By Alan J. Keays/Vtdigger.org
Vail Resorts, the ski industry behemoth that has been gobbling up local resorts, is not interested in Jay Peak. Other companies, however, have visited the Northeast Kingdom resort, a company official told a lcal town board during a recent meeting.
One of the could-be buyers that has toured Jay Peak is a rival of Vail in the resort consolidation business, Alterra Mountain Company, based in Denver, Colorado, which also owns Tremblant ski resort in Quebec and Stratton in Vermont.
[RELATED: See In the Race to Buy Ski Areas, Who Wins?]
Officials have been tightlipped about the sale of Jay Peak since it hit the market earlier this year.
Walter Elander, Jay Peak’s director of mountain planning and development, appeared before the Jay Zoning Board last month seeking a permit renewal for the resort’s administrative offices.
At that meeting, Elander also talked to the board about the sale progress, including visits by potential buyers, according to the meeting minutes.
“The first one is Ultara [sic], they possibly have the funds, second is FoSun (privately owned), third is Pacific Group, fourth is two different groups Snow Operating and a fund called Oz, fifth is AWH (privately owned),” the minutes stated. “He (Elander) stated Vale [sic] showed no interest in Jay Peak.”
[Eds. note: to learn more about the prospective buyers, see “Meet the Tire Kickers
Vail Resorts bought two resorts in Vermont — Stowe in 2017 and Okemo in 2018 — and has been talked about as a potential Jay Peak buyer. Earlier this summer, Vail Resorts announced it would acquire Peak Resorts, which includes Vermont’s Mount Snow in Dover.
In 2017, Vail acquired Stowe Mountain Resort, and then Okemo Mountain Resort in 2018.
Officials with Vail could not be reached Thursday for comment regarding Jay Peak. Elander, reached Thursday, referred comment to other Jay Peak officials.
Goldberg, Jay Peak’s receiver, was out of the country and could not be reached Thursday for comment.
Earlier this year, Goldberg hired Houlihan Lokey Inc., an investment banking and financial services firm headquartered in Los Angeles, to assist with the sale of Jay Peak.
In a court filing in June, Goldberg reported that Houlihan Lokey has been “actively marketing” Jay Peak to “potential strategic and financial buyers” in the United States, Europe and Asia.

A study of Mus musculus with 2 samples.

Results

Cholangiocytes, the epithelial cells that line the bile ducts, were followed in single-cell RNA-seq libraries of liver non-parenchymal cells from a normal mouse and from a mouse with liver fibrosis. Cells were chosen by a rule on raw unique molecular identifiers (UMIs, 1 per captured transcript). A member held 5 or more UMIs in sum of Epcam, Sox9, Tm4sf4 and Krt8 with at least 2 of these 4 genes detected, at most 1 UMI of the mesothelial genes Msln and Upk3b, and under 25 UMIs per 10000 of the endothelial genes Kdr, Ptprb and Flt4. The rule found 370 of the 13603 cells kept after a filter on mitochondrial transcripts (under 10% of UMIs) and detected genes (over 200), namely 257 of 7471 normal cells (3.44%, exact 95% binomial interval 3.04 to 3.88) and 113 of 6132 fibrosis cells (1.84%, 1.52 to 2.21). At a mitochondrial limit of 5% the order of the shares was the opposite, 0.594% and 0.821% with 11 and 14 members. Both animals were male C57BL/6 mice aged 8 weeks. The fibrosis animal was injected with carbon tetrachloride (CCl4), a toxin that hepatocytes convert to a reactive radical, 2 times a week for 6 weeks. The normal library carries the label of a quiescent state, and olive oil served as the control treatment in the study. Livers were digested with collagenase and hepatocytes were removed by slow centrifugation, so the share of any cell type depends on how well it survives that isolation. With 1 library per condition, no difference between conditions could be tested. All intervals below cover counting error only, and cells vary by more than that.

He also reported that as of May, Houlihan Lokey had contacted 125 potential buyers, with 26 entering into non-disclosure agreements to review financial documents related to Jay Peak Resort. Goldberg did not reveal the names of any of the potential buyers.
Steven Wright, Jay Peak’s general manager, said Thursday that he doesn’t know much about the other entities that have visited the resort.
“It still feels like we’re in the early stages of this,” Wright said of the sale process.
As for Vail, Wright said, “Do you assume that because they haven’t yet shown interest, that there’s a lack of interest, or is there something more forward looking than that? I don’t really have an optic into that.”
“We could take a phone call tomorrow where there’s interest from them or a new party,” Wright said.
It’s not known what price Jay Peak will fetch on the open market, though it’s expected to be well shy of the amount needed to pay back the resort’s EB-5 investors in full. To do that, the sale price would need to be in the $200 million range.
The town of Jay has the resort assessed on the grand list at $124 million. The U.S. Securities and Exchange Commission, during a May 2016 court hearing, valued Jay Peak at $42 million, based on average profits.
The proceeds of the sale of the resort are expected to be distributed on a “pro-rata basis” to EB-5 immigrant investors in the upgrades at the resort who have not yet been paid back their $500,000 investments.
According to separate civil lawsuits filed by the state and federal regulators in the spring of 2016, Ariel Quiros, then Jay Peak’s owner, and Bill Stenger, at the time the resort’s CEO and president, misused $200 million of investor funds raised through the EB-5 program.
The investments were to pay for massive upgrades at Jay Peak, including three hotels, three condo complexes, a water park and ice rink. The developers also proposed projects in other communities in northern Vermont, including a hotel and conference center at Burke Mountain ski area as well as a proposed biomedical facility in Newport. The SEC found that the developments were a Ponzi-like scheme.
Stenger and Quiros have since reached monetary settlements in those civil actions, neither admitting or denying the allegations against them.
This May, both Quiros and Stenger, as well as two of their associates, were indicted by a federal grand jury in Vermont on criminal charges including fraud and making false statements to the government in connection with a separate EB-5 project.
The charges stem from the failed biomedical research facility, AnC Bio Vermont, that authorities said was “nearly a complete fraud.”
The sale of Burke Mountain ski area and its hotel and conference center is on “indefinite hold,” Goldberg has written in previous court filings.
That’s because, according to Goldberg, that ski area continues to lose money and has failed to generate the required jobs needed for EB-5 immigrant investors to obtain the U.S. residency they hoped for when they each put $500,000 into building a hotel there.